In a recent thread the question of Friday abstinence arose, and I must admit that the answer to this question seems to be a jealously guarded secret. Not only was the Friday penance NOT rescinded, it was actually made more meaningful–rather like the Beatitudes not replacing the Ten Commandments, but actually strengthening them.
Our Bishops put our a pamphlet entitled, "Penitential Practices for Today’s Catholics which supports this. usccb.org/dpp/penitential.htm
"If we are serious about embracing the penitential discipline that is rooted in the call to discipleship, then we will identify specific times and places for prayer, penance, and works of charity. Growth in spiritual maturity demands a certain level of specificity, for it shows that we take seriously God's call to discipline and are willing to hold ourselves accountable. In our Catholic tradition we specify certain days and seasons for special works of penance: Fridays, on which we commemorate the death of the Lord, and Lent, our forty days of preparation for the Easter mysteries. Recalling our Lord's Passion and death on Good Friday, we hold all Fridays to have special significance. Jesus' self-denial and self-offering invite us to enter freely into his experience by forgoing food, bearing humiliations, and forgiving those who injure us. Through the grace of the Holy Spirit, the principal agent of all spiri-tual transformation, this can be done—and done with a spirit of quiet joy. For Christians, suffering and joy are not incompatible.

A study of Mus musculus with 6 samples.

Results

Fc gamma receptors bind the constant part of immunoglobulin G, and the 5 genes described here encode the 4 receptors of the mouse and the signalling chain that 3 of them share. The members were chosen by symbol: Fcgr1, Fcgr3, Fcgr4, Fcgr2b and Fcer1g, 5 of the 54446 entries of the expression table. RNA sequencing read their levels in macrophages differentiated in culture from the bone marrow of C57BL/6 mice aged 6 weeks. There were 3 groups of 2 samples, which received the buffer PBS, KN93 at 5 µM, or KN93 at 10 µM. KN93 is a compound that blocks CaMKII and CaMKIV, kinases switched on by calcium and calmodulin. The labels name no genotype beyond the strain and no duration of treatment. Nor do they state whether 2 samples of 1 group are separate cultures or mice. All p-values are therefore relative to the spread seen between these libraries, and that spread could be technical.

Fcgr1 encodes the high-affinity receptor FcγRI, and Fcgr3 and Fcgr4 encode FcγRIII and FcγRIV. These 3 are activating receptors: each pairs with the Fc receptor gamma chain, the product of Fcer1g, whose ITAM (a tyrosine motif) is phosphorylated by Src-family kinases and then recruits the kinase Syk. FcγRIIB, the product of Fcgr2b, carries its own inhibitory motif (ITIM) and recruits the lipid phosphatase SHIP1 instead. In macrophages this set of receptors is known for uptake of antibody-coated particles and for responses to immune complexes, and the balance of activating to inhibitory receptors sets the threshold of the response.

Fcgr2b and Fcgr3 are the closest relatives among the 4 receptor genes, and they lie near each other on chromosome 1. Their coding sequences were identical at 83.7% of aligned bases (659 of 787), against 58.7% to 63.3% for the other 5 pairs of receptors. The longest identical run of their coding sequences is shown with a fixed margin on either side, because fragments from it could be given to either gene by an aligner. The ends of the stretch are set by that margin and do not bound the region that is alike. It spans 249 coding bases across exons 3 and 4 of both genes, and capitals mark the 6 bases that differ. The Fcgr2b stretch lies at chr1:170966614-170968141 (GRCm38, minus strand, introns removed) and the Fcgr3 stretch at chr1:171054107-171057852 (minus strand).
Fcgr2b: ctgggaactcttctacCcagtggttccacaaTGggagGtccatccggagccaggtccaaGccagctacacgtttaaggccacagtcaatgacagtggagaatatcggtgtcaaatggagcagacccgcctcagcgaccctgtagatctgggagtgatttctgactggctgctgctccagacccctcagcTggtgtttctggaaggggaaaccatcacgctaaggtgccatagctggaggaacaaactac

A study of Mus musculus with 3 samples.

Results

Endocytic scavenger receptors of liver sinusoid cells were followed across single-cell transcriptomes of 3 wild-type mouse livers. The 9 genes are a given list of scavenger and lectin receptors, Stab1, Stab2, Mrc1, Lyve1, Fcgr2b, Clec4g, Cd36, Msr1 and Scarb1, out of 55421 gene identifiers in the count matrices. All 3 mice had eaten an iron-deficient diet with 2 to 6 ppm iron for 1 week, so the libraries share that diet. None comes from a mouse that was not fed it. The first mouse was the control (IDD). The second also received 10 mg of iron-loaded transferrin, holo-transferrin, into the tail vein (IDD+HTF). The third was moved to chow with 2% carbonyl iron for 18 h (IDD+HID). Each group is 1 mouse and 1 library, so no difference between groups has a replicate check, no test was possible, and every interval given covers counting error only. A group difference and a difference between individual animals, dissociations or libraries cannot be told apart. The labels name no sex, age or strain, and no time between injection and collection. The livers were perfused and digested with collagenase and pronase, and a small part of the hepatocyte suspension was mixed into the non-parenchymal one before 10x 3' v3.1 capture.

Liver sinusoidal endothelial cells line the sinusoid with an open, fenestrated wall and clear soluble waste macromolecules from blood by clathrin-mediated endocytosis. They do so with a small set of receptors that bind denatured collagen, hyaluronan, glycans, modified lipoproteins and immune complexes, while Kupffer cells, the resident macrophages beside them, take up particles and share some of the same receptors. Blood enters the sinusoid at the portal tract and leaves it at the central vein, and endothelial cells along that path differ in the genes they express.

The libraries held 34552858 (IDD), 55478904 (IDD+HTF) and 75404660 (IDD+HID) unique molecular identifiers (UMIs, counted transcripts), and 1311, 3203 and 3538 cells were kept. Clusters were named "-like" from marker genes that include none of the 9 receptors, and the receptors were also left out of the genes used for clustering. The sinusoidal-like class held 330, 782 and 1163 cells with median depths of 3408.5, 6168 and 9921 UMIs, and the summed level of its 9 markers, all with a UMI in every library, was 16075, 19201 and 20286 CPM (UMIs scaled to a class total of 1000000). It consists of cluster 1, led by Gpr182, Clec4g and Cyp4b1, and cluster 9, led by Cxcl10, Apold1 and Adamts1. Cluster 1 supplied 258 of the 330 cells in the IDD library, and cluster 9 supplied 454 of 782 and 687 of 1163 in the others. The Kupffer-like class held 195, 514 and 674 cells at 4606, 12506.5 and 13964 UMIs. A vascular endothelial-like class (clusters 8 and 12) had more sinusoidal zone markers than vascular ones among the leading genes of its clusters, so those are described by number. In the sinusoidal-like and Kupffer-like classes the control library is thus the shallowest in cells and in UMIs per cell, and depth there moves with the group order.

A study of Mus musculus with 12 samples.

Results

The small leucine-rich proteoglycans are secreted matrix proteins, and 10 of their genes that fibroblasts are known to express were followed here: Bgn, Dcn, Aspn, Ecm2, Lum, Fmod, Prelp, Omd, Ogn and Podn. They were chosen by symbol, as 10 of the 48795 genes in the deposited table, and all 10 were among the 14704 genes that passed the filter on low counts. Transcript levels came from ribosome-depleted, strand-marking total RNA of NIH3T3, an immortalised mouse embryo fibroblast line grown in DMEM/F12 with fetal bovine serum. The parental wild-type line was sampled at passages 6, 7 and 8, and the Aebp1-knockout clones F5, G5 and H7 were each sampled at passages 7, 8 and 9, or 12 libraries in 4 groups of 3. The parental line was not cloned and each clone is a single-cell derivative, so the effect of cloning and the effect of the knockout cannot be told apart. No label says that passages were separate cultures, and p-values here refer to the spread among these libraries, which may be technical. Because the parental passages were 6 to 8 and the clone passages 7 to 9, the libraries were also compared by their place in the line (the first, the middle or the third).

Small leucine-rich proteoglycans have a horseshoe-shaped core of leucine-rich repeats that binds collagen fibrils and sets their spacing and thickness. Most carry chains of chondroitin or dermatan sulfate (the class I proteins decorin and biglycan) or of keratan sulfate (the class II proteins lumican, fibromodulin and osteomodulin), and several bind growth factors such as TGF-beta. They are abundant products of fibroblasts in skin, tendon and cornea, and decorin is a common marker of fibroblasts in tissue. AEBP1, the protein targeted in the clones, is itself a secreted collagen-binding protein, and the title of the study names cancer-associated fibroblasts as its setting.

Another source of information on Friday Penances can be found here: ewtn.com/vexperts/showmessage.asp?Pgnu=1&Pg=Forum9&recnu=22&number=443945
One way to understand the new directives is that giving up meat is not penitential for those who are vegetarians, nor should simply abstaining from meat take the plave of living out our call to mission–we should also practice forgiveness of hurts, almsgiving, and the other spiritual & corporal acts of mercy. In effect, the Church still finds exemplary, Friday abstinence in honor of Jesus’ sacrifice for us, but also exhorts us toward acts of charity among our fellow man.
Friday penance is still on the books, and acts of mercy on Fridays are greatly encouraged. If we are not managing to squeeze in Friday acts of charity, I would think a bare minimum would be to remembber our Lord’s Sacrifice for our sakes with abstaining from meat or another more meaningful substitution.